Opinion: Pirate Wires’ Trump token reporting was irresponsible and lazy

Yesterday Pirates Wires, a ‘new new media company’ operated by Michael Solana, CMO of Peter Thiel’s Founders Fund, put out a tweet saying it had a scoop.

The scoop? That the Donald Trump team was launching a meme coin on Solana called DJT with Barron Trump (Trump’s youngest son) spearheading the project. Michael Solana even shared a contract address for the coin.

So, what’s wrong with this reporting? For starters, there’s no verifiable evidence that anyone from the Trump team is involved with the coin, Pirate Wires and Solana never explained how they acquired the information, and no other outlet has been able to confirm the statement — including Fox Business, CoinDesk, and Decrypt.

Trump himself, who almost always presents a new project with fanfare, pronouncements, and silly videos on Truth Social has also been silent on the matter.

What Pirate Wires did yesterday is journalism at its very worst and deserves to be scrutinized, criticized, and perhaps even hurt the reputation of the outlet.

Pirate Wires’ venture capitalists aren’t journalists

Most journalists have the benefit of either getting a formal education in journalism or working in a newsroom with professional editors and journalists to learn first-hand. Pirate Wires, on the other hand, is a techno-optimist blog of sorts that was created by a multimillionaire venture capital-loving, Peter Thiel wannabe and is edited by someone who has no LinkedIn profile or public acknowledgment of any editing experience.

There is hardly an ounce of objectivity or fact-checking to be had in Pirate Wires’ ‘newsroom.’

Indeed, what Pirate Wires tweeted was irresponsible and lacked seriousness. “Per conversations,” says the tweet, as though someone from Pirate Wires had spoken to Donald Trump, Barron Trump, or another Trump team member. However, if you (understandably) came to that conclusion, you’d be wrong.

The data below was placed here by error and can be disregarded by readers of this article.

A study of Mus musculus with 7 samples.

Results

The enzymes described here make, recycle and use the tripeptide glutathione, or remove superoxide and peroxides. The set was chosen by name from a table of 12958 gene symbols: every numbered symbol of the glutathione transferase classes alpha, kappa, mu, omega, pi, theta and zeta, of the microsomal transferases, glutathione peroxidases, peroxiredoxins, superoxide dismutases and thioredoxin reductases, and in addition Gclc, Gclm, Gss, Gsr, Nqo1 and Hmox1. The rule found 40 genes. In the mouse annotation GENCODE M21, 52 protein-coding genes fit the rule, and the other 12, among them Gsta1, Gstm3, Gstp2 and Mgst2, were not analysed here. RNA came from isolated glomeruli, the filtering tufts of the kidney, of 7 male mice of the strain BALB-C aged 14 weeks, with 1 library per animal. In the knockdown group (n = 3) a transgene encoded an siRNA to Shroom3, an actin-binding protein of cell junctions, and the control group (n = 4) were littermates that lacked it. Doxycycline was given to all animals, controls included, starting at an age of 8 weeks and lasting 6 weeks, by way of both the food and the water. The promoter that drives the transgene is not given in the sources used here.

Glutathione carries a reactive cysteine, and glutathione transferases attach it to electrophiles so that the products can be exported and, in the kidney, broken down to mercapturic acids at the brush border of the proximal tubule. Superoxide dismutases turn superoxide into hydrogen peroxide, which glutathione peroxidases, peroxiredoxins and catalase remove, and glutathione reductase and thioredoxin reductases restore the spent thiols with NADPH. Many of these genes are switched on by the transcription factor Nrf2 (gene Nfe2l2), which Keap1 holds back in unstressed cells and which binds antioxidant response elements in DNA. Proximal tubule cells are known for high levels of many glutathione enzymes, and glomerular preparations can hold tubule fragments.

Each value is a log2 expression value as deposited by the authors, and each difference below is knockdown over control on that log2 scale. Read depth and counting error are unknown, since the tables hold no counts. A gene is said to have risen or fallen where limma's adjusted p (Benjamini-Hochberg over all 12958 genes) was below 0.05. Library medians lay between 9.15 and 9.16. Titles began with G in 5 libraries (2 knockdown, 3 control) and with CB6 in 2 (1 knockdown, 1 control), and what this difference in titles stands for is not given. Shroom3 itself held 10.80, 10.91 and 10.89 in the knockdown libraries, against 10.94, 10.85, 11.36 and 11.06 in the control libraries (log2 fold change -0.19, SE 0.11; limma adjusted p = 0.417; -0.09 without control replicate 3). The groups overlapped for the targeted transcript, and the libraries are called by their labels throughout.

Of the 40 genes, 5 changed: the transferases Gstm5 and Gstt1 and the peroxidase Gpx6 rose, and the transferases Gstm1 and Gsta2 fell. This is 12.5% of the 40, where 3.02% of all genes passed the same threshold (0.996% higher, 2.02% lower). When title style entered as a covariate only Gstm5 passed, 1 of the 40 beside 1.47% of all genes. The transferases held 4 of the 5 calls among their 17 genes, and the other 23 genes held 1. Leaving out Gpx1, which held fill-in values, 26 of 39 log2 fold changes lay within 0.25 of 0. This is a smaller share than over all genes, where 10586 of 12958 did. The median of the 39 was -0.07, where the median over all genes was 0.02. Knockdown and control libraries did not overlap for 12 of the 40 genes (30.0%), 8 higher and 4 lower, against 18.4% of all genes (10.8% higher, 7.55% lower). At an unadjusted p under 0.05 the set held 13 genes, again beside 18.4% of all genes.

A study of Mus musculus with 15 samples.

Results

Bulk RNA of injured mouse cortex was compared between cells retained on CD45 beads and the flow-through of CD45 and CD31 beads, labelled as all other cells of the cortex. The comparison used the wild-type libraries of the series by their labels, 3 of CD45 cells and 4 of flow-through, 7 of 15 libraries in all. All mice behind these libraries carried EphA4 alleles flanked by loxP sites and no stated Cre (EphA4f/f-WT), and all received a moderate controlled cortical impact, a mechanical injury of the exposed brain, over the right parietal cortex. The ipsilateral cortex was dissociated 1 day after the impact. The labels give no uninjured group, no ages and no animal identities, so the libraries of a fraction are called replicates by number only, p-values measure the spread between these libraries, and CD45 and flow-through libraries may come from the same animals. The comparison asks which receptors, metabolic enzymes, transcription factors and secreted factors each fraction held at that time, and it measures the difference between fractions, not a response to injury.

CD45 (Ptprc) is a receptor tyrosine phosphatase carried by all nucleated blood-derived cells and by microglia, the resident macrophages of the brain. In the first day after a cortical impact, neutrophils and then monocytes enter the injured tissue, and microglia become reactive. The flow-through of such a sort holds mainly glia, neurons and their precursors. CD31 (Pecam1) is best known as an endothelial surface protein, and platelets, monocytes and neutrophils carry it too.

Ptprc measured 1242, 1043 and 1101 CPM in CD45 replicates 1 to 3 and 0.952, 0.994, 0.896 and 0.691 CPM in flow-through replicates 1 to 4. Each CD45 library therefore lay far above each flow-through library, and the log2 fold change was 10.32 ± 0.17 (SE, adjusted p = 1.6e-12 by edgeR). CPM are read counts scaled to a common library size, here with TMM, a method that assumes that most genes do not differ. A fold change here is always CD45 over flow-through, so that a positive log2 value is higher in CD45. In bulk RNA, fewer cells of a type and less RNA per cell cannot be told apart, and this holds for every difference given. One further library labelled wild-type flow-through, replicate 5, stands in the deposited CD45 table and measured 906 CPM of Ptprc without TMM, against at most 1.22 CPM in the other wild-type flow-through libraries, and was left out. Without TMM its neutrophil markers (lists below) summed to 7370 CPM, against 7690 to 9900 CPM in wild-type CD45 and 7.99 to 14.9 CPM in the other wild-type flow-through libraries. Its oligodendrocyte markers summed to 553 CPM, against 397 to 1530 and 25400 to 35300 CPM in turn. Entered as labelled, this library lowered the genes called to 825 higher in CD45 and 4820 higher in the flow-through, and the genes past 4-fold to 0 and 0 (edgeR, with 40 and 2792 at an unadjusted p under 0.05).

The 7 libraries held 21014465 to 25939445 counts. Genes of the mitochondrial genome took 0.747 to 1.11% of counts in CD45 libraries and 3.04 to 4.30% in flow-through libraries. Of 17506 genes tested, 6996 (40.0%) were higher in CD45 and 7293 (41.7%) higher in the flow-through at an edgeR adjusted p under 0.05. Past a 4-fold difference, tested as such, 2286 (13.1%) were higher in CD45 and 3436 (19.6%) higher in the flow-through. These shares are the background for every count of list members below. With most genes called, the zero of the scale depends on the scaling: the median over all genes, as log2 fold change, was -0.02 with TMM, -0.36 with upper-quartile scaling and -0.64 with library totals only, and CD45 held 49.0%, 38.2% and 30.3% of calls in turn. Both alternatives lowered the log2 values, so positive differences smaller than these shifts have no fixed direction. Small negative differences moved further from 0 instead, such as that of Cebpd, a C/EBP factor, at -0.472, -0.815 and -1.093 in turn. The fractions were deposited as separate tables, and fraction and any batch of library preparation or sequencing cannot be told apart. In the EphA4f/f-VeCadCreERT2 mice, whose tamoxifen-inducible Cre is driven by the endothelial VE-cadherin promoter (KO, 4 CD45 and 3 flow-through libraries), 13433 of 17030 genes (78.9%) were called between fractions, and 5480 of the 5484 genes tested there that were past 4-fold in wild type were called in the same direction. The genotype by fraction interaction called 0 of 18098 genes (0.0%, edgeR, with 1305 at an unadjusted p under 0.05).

“No, didn’t speak with Trump directly, assumed that was clear,” Solana tweeted roughly an hour after the initial message went out.

Then who exactly did Solana speak to? To cover his bases, Solana also added that Donald Trump “could rug pull, or pivot, say it’s not true. Just reporting what I know via sources.” This isn’t how journalism works.

Worryingly, Pirate Wires is seeing very little backlash over its thoughtless reporting, perhaps because most people in the crypto industry already know better than to trust biased venture capitalists reporting ‘facts.’

Read more: Donald Trump advisor Roger Stone endorses $TRUMP memecoin

We need journalists more than ever

What Pirate Wires unaccountable — and frankly alarming — reporting showed yesterday is that we need journalists — both trained journalists and high-quality citizen journalists — more than ever. Techno-optimism and good news about future tech is fine and I understand why investors, hedge fund managers, and VCs would like more media to engage with their projects this way. But that isn’t the responsibility of the Fourth Estate.

The media and news are valuable because we try to get to the bottom of issues and stories, we fact-check, we edit, and we take time to investigate and learn. What Pirate Wires did yesterday was the opposite of that and likely will end up costing hundreds — if not thousands — of individuals a lot of money. Will there be repercussions for the outlet? Will its poor fact-checking and lack of sharing of any hard evidence cost them anything? Probably not.

But that’s why it’s worth writing about. At the very least this should deal some reputational damage to the pro-tech outlet, and in what can only be described as the best part of this saga, Michael Solana has stated that he’s “not personally enjoyed doing crypto news and do[es] not plan on doing any more crypto news in the future.”